Providing Lifesaving, Cost-Saving Information 
in Real Time through Rapidly Deployable Mobile Sensor Robots for  
Disaster Rescue and Emergency Response. 


Squishy Robotics garnered one of the inaugural “Good Robot” Industry Awards presented by the non-profit industry association, Silicon Valley Robotics (SVR). The SVR Industry Awards celebrate the robotics, automation, and Artificial Intelligence (AI) that will help the world solve global challenges. In announcing the winners earlier this week on December 14, SVR wrote that all awardees were working to “improve the quality of our lives.”

“We are delighted that SVR honored Squishy Robotics with an Innovation Award,” said company co-founder and CEO Dr. Alice Agogino. “We are very pleased to be among the companies highlighted for their efforts to protect community members and are grateful that SVR recognizes the importance of how our mobile sensor robots can help protect first responders, HazMat team members, and the general public.”  

As a non-profit industry association, Silicon Valley Robotics (SVR) supports the innovation and commercialization of robotics technologies. Founded in 2010, this is the inaugural year for the non-profit’s “Good Robot” Industry Awards. More information about the awards as well as the complete list of the 2020 awardees can be found here.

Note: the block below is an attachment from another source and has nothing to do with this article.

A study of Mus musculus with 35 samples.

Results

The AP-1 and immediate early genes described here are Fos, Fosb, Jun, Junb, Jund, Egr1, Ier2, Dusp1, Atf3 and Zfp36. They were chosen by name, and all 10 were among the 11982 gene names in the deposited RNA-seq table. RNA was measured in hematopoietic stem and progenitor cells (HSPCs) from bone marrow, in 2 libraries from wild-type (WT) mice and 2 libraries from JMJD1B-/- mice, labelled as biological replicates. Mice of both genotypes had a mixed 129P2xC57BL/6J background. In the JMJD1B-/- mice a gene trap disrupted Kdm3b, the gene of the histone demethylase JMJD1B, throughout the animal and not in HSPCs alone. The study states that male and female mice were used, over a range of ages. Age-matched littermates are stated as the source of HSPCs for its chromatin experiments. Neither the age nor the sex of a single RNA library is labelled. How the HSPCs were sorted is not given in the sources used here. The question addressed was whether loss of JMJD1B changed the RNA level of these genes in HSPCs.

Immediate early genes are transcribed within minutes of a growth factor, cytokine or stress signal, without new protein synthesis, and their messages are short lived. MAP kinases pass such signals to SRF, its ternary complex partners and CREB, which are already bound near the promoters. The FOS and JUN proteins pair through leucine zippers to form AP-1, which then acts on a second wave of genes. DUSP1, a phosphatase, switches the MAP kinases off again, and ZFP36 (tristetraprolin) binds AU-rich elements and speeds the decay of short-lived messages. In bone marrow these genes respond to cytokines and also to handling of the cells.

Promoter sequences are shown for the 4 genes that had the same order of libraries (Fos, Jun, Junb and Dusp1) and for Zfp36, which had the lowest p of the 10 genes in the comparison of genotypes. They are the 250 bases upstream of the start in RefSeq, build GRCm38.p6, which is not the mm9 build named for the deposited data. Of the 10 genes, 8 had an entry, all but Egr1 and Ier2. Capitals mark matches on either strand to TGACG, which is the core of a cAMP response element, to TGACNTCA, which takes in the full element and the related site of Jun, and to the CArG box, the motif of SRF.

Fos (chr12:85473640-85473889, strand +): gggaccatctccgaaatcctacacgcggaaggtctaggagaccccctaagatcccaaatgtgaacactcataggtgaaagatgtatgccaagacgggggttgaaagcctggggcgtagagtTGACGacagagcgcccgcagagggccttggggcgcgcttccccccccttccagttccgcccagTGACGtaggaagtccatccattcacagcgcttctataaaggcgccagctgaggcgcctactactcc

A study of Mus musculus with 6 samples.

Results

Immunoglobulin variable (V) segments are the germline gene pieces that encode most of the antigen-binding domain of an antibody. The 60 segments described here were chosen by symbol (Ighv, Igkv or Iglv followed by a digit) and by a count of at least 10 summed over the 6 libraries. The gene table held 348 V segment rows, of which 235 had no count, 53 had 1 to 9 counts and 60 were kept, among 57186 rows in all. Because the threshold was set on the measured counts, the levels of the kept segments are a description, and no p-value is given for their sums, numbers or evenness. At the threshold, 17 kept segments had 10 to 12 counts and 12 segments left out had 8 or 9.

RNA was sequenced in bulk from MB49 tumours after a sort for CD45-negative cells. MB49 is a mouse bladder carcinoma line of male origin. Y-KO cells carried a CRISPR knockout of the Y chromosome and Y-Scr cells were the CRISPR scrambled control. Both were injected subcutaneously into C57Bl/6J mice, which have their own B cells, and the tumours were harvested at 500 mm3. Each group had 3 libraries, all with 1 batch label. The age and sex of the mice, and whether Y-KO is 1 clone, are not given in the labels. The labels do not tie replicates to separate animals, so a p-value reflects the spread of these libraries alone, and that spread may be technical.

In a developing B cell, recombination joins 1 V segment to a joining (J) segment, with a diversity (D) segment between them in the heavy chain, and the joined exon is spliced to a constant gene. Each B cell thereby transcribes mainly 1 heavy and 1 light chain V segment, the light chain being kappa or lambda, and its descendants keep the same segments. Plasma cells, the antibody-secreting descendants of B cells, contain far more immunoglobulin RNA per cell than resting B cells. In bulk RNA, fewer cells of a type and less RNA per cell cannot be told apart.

Robots (l., in airport hanger before being loaded) were airdropped over the Sonoran Desert (r.) during three days of testing in November.   

Successful CRADA Drop Testing 

The U.S. Army has performed the third round of multiple high-altitude drop tests of Squishy Robotics sensor robots over the Sonoran Desert in Arizona. Such testing is part of a Cooperative Research and Development Agreement (CRADA) with the U.S. Army Combat Capabilities Development Command Soldier Center (CCDC). Robots of various weights and sizes were included in the testing that took place last month.  

Lead Mechatronics Engineer Douglas Hutchings was pleased with the testing results. “All robot models withstood the impact of the high-altitude airdrops,” Hutchings said. “Testing showed that our R&D work on robot self-righting—landing with a predicted orientation—is reproducible at drop heights of up to 1,000 feet.”